Dostoevsky and Punishment

Anna Schur

Publication Year: 2013

Scholars and other readers usually examine Dostoevsky’s views on punishment through the prism of his Christian commitments. For some, this means an orientation toward mercy; for others, an affirmation of suffering as a path toward redemption. Anna Schur brings to bear a wide range of sources in philosophy, criminology, psychology, and history to examine Dostoevsky's ideas. His thinking was shaped not only by his Christian ethics but also by the debates on punishment theory and practice unfolding during his lifetime. As Dostoevsky attempts to balance the various ethical and cultural imperatives, he displays ambivalence both about punishment and about mercy. This ambivalence, Schur argues, is further complicated by what Dostoevsky sees as the unfathomable quality of the self, which hinders every attempt to match crimes with punishments. The one certainty he holds is that a proper response to wrongdoing must include a concern for the wrongdoers’ moral improvement.

Published by: Northwestern University Press

Title Page, Copyright Page


Contents




The very first attempts at this book’s arguments date back to my dissertation years at the University of California, Davis. Not much has endured from that dissertation chapter except my gratitude to Catherine Robson, David Simpson, and especially to Harriet Murav, who first introduced me to how one thinks and writes about Dostoevsky in English. The 2002 National ...

Abbreviations of Works by Fyodor Dostoevsky




In his 1922 essay that serves as an introduction to his catalog of Dostoevsky’s library, Leonid Grossman remarks on the “jurist’s vein” (zhilkaiurista) pulsating in Dostoevsky’s works. “Behind his journalistic writings,” Grossman writes, “one can feel a state theorist ...



In the Chapter “Rebellion” in The Brothers Karamazov, Ivan famously confronts Alyosha with a roster of crimes against children that emblematize innocent and unavenged human suffering. In Ivan’s eyes, this suffering makes it impossible to accept the promise of universal ...



Unlike Dostoevsky's attitudes toward specific forms of punishment—such as corporal punishment and the death penalty, which have received some attention in Dostoevsky scholarship—his positions on broader questions have remained virtually unexplored. In this chapter, we will ...



Dostoevsky's rather frequent admissions to having been “happy” when some obviously guilty defendants have avoided punishment offer further proof that his attitude can hardly be regarded as strictly ...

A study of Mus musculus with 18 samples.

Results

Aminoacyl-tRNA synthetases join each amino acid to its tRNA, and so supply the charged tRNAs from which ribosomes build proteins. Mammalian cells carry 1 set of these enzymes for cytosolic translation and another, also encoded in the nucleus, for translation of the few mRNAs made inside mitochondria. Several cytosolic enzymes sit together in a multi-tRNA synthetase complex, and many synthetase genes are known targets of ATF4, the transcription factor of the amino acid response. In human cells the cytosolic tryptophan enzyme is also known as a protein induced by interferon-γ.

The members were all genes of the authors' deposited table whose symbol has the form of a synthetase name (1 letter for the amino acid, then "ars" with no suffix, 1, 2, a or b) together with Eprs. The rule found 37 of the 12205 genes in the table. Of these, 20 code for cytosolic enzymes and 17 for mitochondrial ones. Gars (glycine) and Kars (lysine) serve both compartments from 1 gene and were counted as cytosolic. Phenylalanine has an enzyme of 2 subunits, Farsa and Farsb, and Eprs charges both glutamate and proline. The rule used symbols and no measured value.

Of all of Dostoevsky’s novels, the one that is most directly concerned with the relationship between legal punishment and moral betterment is The House of the Dead. Earlier chapters have considered this novel’s refl ections on a whole constellation of problems, from ...



At the end of Crime and Punishment, the embittered Raskolnikov feels—and resents—a mounting pressure to confess. Speaking with Dunia hours before turning himself in, he argues angrily the absurdity of his surrender. The punishment that is in store for him is nothing but ...



In the previous chapter, we explored how the Dostoevskian “living soul”—the volatile, incalculable, unknowable self that he contrasts to the lifeless subject put forth by various forms of environmental determinism, physicalism, and psychological empiricism—is consonant ...



In the opening chapters of The Brothers Karamazov, the Karamazov “discordant” (nestroinoe) family gathers in Zosima’s cell (BK, 31). As the protagonists wait for Dmitrii, who is late, conversation turns to Ivan’s recent article on the church and state. Ivan’s summary of the article and the discussion it prompts are ...

Notes


Selected Bibliography


Index



E-ISBN-13: 9780810166271
E-ISBN-10: 0810166275
Print-ISBN-13: 9780810128484
Print-ISBN-10: 0810128489

Page Count: 256
Publication Year: 2013

Edition: 1
Series Title: SRLT
Series Editor Byline: Saul Morson


  • Dostoyevsky, Fyodor, 1821-1881 -- Criticism and interpretation.
  • Dostoyevsky, Fyodor, 1821-1881 -- Ethics.
  • Punishment in literature.
  • Punishment -- Russia -- History -- 19th century.